Bulbs, beautiful colour and bright ideas!

By Tanya Visser

March is definitely a great time to garden, and right I’m not giving you any more clues as to what I’m covering in this article because you’ve simply got to read it all!

Tried and trusted
Its bulb time! Don’t miss out! One minute you’ll see them for sale and then, on your next visit, when you’ve finally decided what you want, all you find is empty shelves because every single one has been sold and, alas, there will be no more this season. Bulb season works like that; there are limited quantities and a limited time in which they are available. So don’t get left in the dust! Here are some of my all-time-favourites; they always work so well in my garden (with minimum fuss), they evoke memories of my childhood and their beauty never ceases to amaze me.

Ranunculus
The ranunculus as we know it today is probably one of the greatest success stories in the history of plant breeding. The blooms of this versatile plant rival roses and peonies for their sheer beauty and the profusion in which they are borne. They are easy to grow, make superb cut flowers, bloom when there is little other colour available and can be planted almost anywhere. Plus they’re not expensive! Buy your ranunculus bulbs when they appear on the shelves (generally near the end of February) and store them at room temperature, then plant them out during April or May. They respond to cool, moist weather.

Freesias
Indigenous freesias are a favourite because they offer three excellent qualities: flower power, heavenly scent and ease of growth. They come in a wide variety of colours and the glorious scent that they exude will sweeten any room. Grown in light dappled sunlight or semi-shade, they lend a delightful fragrance to spring evenings, especially if they are grown in a courtyard where their scent can be ‘trapped’ for your pleasure.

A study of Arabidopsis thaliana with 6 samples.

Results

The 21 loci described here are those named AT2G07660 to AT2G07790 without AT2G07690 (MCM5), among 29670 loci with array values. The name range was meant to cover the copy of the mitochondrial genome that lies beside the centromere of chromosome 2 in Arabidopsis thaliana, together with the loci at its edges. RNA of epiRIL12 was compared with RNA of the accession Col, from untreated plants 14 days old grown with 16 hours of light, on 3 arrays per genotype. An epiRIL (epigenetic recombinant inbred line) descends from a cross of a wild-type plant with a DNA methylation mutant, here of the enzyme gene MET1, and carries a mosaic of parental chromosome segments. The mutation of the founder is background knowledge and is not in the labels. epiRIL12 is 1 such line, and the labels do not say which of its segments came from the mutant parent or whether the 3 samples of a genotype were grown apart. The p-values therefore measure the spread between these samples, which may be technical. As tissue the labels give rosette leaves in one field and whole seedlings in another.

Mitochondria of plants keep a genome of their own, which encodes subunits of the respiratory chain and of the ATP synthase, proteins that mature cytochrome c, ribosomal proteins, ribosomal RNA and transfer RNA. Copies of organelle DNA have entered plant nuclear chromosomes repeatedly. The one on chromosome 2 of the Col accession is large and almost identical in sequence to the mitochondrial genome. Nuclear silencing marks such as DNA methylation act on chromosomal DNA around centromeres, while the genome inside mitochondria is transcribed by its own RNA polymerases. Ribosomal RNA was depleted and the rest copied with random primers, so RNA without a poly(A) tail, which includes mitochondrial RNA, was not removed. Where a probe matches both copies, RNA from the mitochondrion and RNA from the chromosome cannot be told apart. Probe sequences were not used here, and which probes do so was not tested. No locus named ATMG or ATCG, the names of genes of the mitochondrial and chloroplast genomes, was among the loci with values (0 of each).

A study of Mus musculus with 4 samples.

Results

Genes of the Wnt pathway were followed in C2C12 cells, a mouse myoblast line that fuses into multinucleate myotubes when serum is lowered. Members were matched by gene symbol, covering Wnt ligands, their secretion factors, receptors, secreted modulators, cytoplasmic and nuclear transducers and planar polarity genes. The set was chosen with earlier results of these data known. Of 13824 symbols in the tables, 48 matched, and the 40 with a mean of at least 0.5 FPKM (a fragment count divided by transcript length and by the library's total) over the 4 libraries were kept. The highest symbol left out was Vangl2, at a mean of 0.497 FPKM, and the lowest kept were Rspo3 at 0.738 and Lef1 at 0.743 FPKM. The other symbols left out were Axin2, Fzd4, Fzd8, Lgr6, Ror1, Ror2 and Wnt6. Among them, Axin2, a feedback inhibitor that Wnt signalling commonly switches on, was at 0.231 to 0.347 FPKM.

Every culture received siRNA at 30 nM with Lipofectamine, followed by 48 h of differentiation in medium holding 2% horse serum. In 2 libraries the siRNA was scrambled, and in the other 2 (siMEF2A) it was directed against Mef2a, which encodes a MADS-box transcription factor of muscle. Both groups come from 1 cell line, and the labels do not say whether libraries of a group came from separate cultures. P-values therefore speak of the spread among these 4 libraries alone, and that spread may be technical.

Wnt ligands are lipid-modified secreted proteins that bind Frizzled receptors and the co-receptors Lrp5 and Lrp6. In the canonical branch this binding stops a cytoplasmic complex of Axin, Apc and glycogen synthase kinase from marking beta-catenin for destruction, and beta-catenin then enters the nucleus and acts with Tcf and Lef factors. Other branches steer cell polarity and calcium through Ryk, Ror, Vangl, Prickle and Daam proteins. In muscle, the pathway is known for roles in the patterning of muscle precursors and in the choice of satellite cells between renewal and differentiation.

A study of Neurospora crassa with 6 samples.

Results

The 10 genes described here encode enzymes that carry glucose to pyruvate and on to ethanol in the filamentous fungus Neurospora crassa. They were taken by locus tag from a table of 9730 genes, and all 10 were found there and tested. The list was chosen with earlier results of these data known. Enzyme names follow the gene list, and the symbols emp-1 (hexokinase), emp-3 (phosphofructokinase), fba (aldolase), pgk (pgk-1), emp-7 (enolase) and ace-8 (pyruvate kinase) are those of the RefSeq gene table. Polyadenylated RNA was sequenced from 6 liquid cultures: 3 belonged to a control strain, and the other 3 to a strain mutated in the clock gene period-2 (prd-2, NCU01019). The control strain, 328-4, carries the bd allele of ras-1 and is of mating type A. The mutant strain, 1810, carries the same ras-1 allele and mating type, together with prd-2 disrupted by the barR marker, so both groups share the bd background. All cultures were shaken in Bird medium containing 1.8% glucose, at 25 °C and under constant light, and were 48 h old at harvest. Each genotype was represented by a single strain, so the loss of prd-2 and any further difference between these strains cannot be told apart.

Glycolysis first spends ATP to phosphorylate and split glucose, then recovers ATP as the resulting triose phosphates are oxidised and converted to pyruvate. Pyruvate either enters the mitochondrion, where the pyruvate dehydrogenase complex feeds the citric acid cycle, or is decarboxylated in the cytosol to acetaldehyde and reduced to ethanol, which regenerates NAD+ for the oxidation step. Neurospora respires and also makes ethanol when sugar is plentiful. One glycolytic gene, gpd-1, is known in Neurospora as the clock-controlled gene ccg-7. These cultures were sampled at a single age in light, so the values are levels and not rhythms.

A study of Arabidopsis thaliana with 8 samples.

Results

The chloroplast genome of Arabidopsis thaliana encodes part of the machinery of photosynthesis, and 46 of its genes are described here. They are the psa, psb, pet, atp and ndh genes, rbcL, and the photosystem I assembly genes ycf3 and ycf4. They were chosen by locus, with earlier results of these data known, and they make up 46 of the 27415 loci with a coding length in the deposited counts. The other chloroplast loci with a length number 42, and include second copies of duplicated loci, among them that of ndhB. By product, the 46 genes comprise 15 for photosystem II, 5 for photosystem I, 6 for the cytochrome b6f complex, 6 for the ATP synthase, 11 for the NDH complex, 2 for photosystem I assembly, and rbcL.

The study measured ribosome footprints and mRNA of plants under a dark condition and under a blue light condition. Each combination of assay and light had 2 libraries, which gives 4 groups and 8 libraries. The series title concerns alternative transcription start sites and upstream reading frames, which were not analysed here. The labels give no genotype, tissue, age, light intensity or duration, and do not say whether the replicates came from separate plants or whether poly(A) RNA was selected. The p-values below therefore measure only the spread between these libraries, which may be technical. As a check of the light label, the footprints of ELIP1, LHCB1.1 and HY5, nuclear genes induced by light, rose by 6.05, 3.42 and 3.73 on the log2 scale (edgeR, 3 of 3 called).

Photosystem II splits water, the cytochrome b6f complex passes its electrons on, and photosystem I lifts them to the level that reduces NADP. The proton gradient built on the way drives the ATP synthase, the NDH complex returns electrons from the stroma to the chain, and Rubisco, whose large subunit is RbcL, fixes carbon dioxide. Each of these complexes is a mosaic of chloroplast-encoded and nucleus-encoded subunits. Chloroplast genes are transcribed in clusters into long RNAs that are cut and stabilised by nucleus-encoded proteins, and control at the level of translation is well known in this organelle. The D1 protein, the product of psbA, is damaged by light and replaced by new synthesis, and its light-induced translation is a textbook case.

‘Paper White’ Narcissus
‘Paper Whites’ produce masses of scented white blooms very early in the season – usually in late June. They are so tough they will even grow if they are placed on a pebble-filled bowl of water. If you have any youngsters in the house, this is an excellent way to show them how wondrous Mother Nature is. For the next couple of months you and your family can watch enthralled as first the roots, then the stems and finally the spikes of pretty flowers emerge from the bulbs.

Try this


                         Layering bulbs in pots is a great method of planting them; it gives such a beautiful end product.
• Take a large terracotta pot and put in a layer of crocks or drainage material, followed by potting soil – fill the container to about three quarters.
• Place a selection of your largest bulbs in the container – I used Dutch irises. One can mix the layers, so you could add narcissus and hyacinths at this stage. Position the bulbs so that they are touching each other but not touching the inside walls of the pot.
• Cover this layer of bulbs with about 10 to 15 cm of potting soil.
• Now position your smaller bulbs, such as muscari and freesia.
• Cover them with another layer of soil and then a thick layer of mulch – bark chips, coir chips, leaf mould or even peanut shells. If you prefer you could plant ‘living mulch’ in the form of violas, pansies or alyssum.
• Lastly, give the pot a good watering, and then water it regularly. First the leaves will work their way to the surface and the blooms will follow, resulting in a truly magical living bulb bouquet!